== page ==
Ukraine: Anti-Corruption Drive Targets Court System

Published: 25 January 2016

Emblem of the Constitutional Court of Ukraine

Emblem of the Constitutional Court of Ukraine

By Stella Roque

Ukraine’s Constitutional Court approved amendments stripping lawmakers’ power to appoint judges, making judges liable for prosecution and introducing stricter criteria on who can become a judge, reported Reuters.

The move is part of the government’s anti-corruption drive aiming to purge bribery and other forms of corruption from the country’s judicial system.

The Ukrainian government is attempting to secure support from its international allies, the European Union and International Monetary Fund. Both institutions have urged the government to crack down on corruption and bribery.

However, the proposed reforms will require a two-thirds vote in Parliament to become law and it is unclear if the reforms will pass as Prime Minister Arseniy Yatsenyuk's coalition has just a slim majority, according to Reuters.

"It is a political process ... and a matter of political consensus," Oleksy Filatov, President Petro Poroshenko's representative at the constitutional court, told reporters Friday.

"I hope it does not take much time, because without these changes, fundamental changes in the justice system demanded by society are impossible."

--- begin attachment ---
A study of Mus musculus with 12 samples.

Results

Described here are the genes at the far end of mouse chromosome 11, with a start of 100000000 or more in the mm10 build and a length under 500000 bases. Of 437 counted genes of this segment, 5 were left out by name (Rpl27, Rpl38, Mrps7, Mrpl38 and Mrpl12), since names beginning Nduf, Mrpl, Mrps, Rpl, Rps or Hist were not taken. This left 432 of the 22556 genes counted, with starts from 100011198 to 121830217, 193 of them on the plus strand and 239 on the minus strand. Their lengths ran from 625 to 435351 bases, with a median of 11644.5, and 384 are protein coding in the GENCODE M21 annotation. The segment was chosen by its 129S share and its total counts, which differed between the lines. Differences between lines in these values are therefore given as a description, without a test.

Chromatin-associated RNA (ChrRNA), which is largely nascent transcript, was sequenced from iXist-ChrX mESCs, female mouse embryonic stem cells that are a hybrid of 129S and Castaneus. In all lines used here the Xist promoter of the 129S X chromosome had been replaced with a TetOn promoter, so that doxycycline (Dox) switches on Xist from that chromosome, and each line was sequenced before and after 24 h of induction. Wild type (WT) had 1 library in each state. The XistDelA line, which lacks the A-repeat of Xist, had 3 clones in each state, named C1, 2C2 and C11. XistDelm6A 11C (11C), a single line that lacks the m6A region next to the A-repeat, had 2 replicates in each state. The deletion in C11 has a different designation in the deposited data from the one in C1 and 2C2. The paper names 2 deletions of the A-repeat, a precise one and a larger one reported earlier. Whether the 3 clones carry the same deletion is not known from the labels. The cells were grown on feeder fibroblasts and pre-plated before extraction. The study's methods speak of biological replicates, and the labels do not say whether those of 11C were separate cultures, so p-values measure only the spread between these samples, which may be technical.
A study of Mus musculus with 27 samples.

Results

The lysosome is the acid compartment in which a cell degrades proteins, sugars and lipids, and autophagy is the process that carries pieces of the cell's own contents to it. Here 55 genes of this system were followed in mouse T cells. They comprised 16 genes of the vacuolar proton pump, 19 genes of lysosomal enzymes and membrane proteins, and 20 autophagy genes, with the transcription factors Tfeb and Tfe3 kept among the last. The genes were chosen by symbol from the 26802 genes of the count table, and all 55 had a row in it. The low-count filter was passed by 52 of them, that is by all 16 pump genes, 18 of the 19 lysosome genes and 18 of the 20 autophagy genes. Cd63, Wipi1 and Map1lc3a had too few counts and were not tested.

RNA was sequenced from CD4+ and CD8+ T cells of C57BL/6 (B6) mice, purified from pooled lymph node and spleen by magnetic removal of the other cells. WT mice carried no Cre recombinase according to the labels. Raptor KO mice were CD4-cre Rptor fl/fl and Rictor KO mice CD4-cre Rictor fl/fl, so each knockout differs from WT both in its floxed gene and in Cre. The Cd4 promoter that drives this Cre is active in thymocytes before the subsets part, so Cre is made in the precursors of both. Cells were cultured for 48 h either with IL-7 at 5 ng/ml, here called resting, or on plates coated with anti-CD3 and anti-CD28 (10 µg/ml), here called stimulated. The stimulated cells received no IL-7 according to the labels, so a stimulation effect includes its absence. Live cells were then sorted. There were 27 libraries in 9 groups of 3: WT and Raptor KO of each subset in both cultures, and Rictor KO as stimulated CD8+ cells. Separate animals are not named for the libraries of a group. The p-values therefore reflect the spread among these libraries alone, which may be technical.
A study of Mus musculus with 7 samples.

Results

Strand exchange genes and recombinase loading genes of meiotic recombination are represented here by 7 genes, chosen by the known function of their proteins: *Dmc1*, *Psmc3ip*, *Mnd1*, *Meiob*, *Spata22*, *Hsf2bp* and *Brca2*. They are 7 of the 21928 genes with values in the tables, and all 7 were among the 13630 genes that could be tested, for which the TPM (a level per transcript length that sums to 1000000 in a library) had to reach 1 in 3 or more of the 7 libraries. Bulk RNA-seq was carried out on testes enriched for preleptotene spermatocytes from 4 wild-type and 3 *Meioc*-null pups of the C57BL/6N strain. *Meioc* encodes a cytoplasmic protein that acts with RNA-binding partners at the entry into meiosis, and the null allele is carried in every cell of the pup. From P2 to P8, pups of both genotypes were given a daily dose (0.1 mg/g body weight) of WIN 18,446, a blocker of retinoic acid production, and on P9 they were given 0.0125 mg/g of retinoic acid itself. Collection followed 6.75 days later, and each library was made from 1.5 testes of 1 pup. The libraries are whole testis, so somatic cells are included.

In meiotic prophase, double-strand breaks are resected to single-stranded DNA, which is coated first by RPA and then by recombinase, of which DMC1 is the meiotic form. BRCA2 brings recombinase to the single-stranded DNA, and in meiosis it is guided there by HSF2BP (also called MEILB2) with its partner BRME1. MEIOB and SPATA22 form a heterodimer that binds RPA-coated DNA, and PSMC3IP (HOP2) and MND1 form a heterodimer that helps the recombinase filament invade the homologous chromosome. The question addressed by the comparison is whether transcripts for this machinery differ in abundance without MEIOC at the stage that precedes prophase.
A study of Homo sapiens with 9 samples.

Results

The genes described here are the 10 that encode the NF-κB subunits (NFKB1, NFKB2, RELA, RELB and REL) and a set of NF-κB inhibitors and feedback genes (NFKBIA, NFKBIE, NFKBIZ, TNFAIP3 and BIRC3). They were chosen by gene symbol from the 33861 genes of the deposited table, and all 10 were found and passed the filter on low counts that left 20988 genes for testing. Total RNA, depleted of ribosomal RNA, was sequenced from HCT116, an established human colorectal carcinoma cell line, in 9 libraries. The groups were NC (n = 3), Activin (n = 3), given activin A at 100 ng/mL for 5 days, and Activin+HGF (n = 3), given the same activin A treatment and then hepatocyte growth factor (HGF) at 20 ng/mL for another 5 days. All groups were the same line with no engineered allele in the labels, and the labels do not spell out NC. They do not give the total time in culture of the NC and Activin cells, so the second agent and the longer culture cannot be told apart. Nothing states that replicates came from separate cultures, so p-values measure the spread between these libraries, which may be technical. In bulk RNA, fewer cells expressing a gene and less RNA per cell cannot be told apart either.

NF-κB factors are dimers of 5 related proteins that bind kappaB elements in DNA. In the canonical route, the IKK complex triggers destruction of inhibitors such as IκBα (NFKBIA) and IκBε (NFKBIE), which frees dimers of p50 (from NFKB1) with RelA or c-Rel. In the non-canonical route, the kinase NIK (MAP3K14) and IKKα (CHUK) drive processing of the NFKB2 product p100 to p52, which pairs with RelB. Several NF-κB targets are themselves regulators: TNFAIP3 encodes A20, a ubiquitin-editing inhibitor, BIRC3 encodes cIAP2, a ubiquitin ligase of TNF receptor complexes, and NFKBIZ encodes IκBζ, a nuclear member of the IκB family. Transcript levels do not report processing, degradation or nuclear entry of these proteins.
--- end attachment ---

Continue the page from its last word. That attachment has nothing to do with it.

Late last year, Ukrainian lawyer Markiyan Halabala told Ukrainian TV Show Viewpoint that of “300 corrupt judges in Ukraine, only 5 were under investigation.”

Halabala represents the families of 39 activists who were killed during the Euromaidan revolution, many of whom are dissatisfied with the progress of the investigations, according to an interview with Halabala on Ukraine Today.

Ukrainians lack faith in the country’s judicial system, according to a poll by the Democratic Initiatives Foundation. Only 9 percent express trust in the justice system with 81 percent distrusting the courts and believing judges are receptive to bribes and political pressure.